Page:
Two of the firefighters injured in the Tamahere Icepak explosion are dismayed that five of their senior colleagues have been given Queen’s Service Medals.
None of the firefighters injured in the tragedy were recognised on Thursday, though there are suggestions they might be in the future.
Neither firefighter wanted to be named for fear of being “singled out” by the fire service, however, one of the men responded angrily after reading the news on the internet, reported the Waikato Times.
“How is it that the guys that sit in their office all day get recognised when the people who were killed or injured get nothing – no recognition at all?” he said.
The injured firefighter said he was speaking with one of the men during the week and he had not “had the gall” to let him know about the upcoming New Year’s honour. “Nothing was mentioned, I’m pretty pissed off … it’s another slap in the face to be honest,” he said.
The man had issues with the medals being awarded for “acts of bravery” which he said was a “load of rubbish”.
“Whether we get recognised or not is irrelevent, but I don’t think any one of those people could give you an act of bravery that they performed that day.”
Although the other firefighter spoken to by the Waikato Times agreed with most of his colleague’s comments, he did believe Mr Berryman and Mr Talbot were worthy of recognition. “Martin Berryman deserves his award because it wasn’t just about the heroism on the day – it was the follow-up care afterward,” the firefighter said.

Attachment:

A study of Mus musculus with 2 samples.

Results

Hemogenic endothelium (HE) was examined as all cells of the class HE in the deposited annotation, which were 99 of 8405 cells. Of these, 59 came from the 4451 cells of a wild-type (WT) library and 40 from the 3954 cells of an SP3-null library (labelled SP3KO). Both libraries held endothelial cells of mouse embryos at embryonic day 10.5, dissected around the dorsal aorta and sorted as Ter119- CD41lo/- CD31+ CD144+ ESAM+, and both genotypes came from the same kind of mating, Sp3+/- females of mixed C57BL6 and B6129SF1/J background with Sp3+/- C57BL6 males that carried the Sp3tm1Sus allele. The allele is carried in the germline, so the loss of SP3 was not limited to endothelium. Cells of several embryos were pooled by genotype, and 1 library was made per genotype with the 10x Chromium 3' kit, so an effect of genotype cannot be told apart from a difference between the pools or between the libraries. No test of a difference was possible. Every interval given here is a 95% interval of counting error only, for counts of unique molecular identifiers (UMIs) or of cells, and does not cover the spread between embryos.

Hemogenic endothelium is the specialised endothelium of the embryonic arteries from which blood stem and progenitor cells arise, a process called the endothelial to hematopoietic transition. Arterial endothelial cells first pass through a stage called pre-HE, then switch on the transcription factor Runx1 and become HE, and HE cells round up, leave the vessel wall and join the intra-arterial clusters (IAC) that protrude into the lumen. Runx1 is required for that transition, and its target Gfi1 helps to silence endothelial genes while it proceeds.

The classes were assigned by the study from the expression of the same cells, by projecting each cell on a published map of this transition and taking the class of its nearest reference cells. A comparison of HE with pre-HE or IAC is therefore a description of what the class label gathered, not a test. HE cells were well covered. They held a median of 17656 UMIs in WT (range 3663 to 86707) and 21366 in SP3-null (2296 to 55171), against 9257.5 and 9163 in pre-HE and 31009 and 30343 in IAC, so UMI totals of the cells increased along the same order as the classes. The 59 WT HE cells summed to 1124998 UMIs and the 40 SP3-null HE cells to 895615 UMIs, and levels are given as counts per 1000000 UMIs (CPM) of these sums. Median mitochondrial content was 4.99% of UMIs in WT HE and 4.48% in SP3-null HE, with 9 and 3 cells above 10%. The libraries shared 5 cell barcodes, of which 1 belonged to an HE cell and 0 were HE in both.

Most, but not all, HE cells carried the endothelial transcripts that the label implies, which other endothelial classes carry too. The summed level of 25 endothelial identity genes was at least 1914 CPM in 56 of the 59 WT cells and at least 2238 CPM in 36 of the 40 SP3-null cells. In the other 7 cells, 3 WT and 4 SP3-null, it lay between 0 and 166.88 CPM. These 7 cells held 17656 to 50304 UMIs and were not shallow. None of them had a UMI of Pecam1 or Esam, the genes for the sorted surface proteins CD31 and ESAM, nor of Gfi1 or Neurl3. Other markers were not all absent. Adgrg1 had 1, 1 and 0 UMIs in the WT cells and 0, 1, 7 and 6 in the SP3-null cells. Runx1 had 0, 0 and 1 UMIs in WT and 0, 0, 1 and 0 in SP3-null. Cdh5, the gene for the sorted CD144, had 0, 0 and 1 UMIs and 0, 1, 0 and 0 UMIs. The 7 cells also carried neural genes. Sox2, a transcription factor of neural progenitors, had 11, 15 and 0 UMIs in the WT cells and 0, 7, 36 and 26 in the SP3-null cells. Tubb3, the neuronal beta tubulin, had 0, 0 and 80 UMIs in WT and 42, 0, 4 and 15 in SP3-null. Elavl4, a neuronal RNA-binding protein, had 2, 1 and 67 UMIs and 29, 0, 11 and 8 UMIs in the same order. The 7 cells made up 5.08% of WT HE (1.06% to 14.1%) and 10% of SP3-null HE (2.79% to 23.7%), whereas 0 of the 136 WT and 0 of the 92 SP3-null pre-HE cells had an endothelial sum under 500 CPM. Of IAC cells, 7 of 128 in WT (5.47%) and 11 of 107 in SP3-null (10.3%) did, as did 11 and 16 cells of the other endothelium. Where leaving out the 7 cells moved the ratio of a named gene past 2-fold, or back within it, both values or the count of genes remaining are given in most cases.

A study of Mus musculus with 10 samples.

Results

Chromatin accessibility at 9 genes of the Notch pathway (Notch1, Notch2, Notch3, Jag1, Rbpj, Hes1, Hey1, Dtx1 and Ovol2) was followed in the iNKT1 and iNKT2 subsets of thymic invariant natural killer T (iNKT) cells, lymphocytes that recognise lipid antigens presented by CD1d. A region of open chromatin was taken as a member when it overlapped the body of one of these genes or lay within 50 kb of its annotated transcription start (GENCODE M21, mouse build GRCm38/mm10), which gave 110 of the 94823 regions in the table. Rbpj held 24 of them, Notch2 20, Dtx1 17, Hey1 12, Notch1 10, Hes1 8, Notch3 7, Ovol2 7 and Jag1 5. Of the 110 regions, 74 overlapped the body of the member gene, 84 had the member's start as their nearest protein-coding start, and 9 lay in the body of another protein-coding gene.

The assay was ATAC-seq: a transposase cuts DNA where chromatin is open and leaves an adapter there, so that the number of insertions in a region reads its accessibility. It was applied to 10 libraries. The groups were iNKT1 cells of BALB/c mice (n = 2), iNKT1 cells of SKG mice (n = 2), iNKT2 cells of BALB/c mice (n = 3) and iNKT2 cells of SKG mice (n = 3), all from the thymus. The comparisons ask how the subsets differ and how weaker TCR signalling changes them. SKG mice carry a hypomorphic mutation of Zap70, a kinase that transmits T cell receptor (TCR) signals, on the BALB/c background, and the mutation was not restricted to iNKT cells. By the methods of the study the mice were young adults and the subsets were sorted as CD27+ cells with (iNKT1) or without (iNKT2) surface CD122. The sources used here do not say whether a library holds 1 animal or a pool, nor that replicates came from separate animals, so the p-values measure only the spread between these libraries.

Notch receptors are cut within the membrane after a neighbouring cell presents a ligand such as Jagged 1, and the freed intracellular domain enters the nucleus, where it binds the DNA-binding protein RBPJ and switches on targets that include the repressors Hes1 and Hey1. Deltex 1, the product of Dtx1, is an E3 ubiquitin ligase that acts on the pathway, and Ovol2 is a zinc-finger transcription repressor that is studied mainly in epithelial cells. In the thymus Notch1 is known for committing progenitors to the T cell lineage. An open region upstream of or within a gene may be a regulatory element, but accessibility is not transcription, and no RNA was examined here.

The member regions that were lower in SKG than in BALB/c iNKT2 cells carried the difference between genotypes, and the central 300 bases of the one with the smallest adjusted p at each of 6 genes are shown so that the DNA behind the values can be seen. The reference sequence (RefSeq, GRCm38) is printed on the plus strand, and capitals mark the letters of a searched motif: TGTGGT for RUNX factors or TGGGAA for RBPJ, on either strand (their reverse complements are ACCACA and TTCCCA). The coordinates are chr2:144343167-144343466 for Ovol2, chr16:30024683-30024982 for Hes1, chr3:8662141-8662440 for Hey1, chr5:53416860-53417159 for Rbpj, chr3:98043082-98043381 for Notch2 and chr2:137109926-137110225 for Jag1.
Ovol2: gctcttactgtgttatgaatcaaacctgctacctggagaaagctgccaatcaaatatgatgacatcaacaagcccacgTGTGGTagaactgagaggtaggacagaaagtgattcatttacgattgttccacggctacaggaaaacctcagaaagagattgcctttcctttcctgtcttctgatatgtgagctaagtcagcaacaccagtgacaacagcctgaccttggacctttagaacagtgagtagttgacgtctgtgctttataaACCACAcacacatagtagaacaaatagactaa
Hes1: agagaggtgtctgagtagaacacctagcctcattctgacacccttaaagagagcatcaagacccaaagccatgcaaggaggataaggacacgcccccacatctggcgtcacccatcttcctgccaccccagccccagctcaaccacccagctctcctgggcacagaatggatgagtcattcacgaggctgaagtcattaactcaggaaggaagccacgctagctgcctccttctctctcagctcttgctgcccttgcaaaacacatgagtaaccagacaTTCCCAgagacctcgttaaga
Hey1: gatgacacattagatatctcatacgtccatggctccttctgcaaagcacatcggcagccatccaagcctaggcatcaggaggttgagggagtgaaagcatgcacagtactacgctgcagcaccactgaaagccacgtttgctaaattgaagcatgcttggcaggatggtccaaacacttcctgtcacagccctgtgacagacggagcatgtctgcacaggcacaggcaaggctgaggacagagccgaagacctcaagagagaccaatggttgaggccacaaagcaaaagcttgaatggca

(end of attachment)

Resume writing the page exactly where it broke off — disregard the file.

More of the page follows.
He said Mr Berryman had worked with all of the injured firefighters throughout their rehabilitation and had “put a lot of work into us guys”.
The firefighter also singled out Gary Talbot, who he said was “incredibly deserving”.
“Nothing was too much for him. He focused on us and he is actually quite embarrassed about the award.”
But he said the other awards did annoy him. “If it was just another building and a couple of guys got injured there would not be any medals being handed out,” he said.
The firefighter felt others were more worthy of awards.
“What about the first crew that arrived, and the bystanders that were there – they showed bravery? There are photos of people lifting firefighters off the ground – they were the heroes that should have been made mention of,” he said.
Waikato fire commander Roy Breeze hinted that more awards might be on the way for the firefighters. He said the potential reaction to managers being recognised had been a major concern when they were nominated for the medals.
“That was uppermost in our mind. It was a high concern. We asked what recognition there would be for them (the injured firefighters). We wanted to make sure they would be recognised.”
He said they were assured that the men would be acknowledged. “I definitely think that it’s just the order of things and how they came out.”
Other firefighters injured in the explosion, who could be reached by the Waikato Times, would not comment.